Financial 101 for all of life’s journey: How to manage your finances efficiently throughout all stages of your life

Getting back to financial basics is ultimately about strengthening the financial foundation of your wealth, finding ways to reduce taxes, and protecting your assets. This newsletter aims to educate and reinforce key lessons about utilizing tax-efficient savings tools and strategies, to maximize your net worth and plan for the future.

This newsletter focuses on 2 key points: How to maximize your savings with a Tax-Free Savings Account (TFSA), Registered Retirement Savings Plan (RRSP), and Registered Education Savings Plan (RESP), alongside some key income-splitting strategies to keep more of your money and give less to the CRA!

#1: Revisiting RESPs, TFSAs & RRSPs to maximize the benefits

Financial noise can sometimes be overwhelming, which is why I believe it’s worth returning to the basics from time to time. Savings accounts like a Registered Education Savings Plan (RESP), Tax-Free Savings Account (TFSA) and Registered Retirement Savings Plan (RRSP) are vital tools in financial planning, regardless of whether you’re saving for your children’s/grandchildren’s education, your retirement, or for any other goal. If used effectively, they can ultimately strengthen the foundation of your wealth. 

Here is a summary of the three main savings account options:


My goal here is to reiterate the importance of saving over the long term and doing so in the most tax-efficient way given your personal time horizon, goals, and level of flexibility. Here are some quick pointers for each account type:

RESP confusion: Recently, I read in a study that more than 80% of Canadian parents don't properly understand the benefits of an RESP. That is unfortunate, as they could be leaving an additional 20% of government grant money on the table! An additional 20% on top of your contributions can go a long way, especially if compounded from when a child is born until they are ready for university.

TFSA fact check: If you have been 18 or older and living in Canada since 2009, your maximum TFSA contribution limit is now $81,500 – that’s a lot of money to grow and compound tax-free over time!

Think you are too young for an RRSP account? At a young age, you may be far from retirement and probably not even thinking about it, but you are never too young to start thinking strategically about your financial goals and best interests and to maximize the compounding effect. As the Next Generation of Wealth, young adults have a lifetime filled with plans, dreams, and potential. Proper planning and guidance can ensure that they earn, save and live their life to the fullest!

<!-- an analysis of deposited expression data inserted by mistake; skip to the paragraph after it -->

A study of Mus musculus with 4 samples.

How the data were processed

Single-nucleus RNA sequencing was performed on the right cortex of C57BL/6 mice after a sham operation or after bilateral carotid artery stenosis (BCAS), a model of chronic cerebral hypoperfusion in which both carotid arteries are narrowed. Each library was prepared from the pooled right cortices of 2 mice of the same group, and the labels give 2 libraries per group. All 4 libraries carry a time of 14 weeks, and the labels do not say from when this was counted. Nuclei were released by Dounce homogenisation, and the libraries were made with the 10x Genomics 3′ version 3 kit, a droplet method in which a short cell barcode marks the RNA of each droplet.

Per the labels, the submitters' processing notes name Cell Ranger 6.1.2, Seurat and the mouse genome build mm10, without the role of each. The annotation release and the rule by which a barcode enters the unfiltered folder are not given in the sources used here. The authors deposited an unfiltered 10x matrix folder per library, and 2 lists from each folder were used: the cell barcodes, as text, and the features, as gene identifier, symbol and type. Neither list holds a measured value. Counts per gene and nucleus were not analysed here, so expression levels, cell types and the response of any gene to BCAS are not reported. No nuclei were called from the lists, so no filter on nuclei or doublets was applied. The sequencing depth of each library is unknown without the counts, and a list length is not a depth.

Additionally, if you missed my article in last month’s newsletter comparing the benefits of an RRSP to a TFSA, I encourage you to read it here!

#2: Income splitting strategies to meet your needs

Several income splitting strategies can be used at different stages of life, whether you have a young family, getting ready for retirement, or own a corporation. Here are a few of my favorite tips that may meet the needs of you and your family to maximize your tax return:

Tips for young families

Use RESPs to save for children’s education

Investment income earned within an RESP is tax-deferred, and since future withdrawals for education are taxable to the child, this means a lower tax bill for the family overall.

Help your spouse maximize their TFSA

Ordinarily, gifts between spouses for investment purposes are subject to complex tax attribution rules; however, spouses can gift funds to each other that are then contributed to their TFSA.

Spousal RRSP contributions

A higher-income individual can make tax-deductible RRSP contributions for the benefit of their lower-income spouse so that future withdrawals can be taxable at the spouse’s lower rate.

Tips for individuals aged 65 and older

Split eligible income with your spouse

You can split eligible income on your tax return with your spouse. Common examples include: pensions, prescribed annuities, registered retirement income funds (RRIFs), and life income funds (LIFs).

Share your CPP pension with your spouse

If you and your spouse are eligible for, or already receiving income from CPP, you can apply to share this income by submitting an application available at Service Canada.

Income split your RRSP by converting it to a RRIF

RRSP withdrawals cannot be split with a spouse at any age, but if you are 65 or older, you can convert a portion, or all of your RRSP to a RRIF making those withdrawals eligible for income splitting.

Tips for shareholders of private corporations

Pay reasonable salaries to family members

Where you can show that your spouse and/or children have worked in the business, you may be able to pay them a reasonable salary. It is important to track their actual working hours, describe their work tasks, and define the terms of their employment. Wages must be reasonable based on the work performed and the age of the individual (i.e., school-aged children).

Pay dividends to shareholders of private corporations over age 65

Despite the expanded “Tax on Split Income” (TOSI) rules for Canadian private corporations as of 2018, private corporations can continue to pay dividends to shareholders in specific situations. For example, to ensure consistency with other pension income splitting rules, where the business owner is age 65 or older and their spouse is a shareholder of the corporation, dividends can be paid to the spouse without attracting punitive TOSI tax consequences. If this exception did not exist, the dividend payments may be subject to the TOSI rules, which would tax the payment at the top marginal tax rate, regardless of the spouse’s tax bracket.

For more information on income-splitting strategies or the registered account types available, please feel free to reach out to me anytime!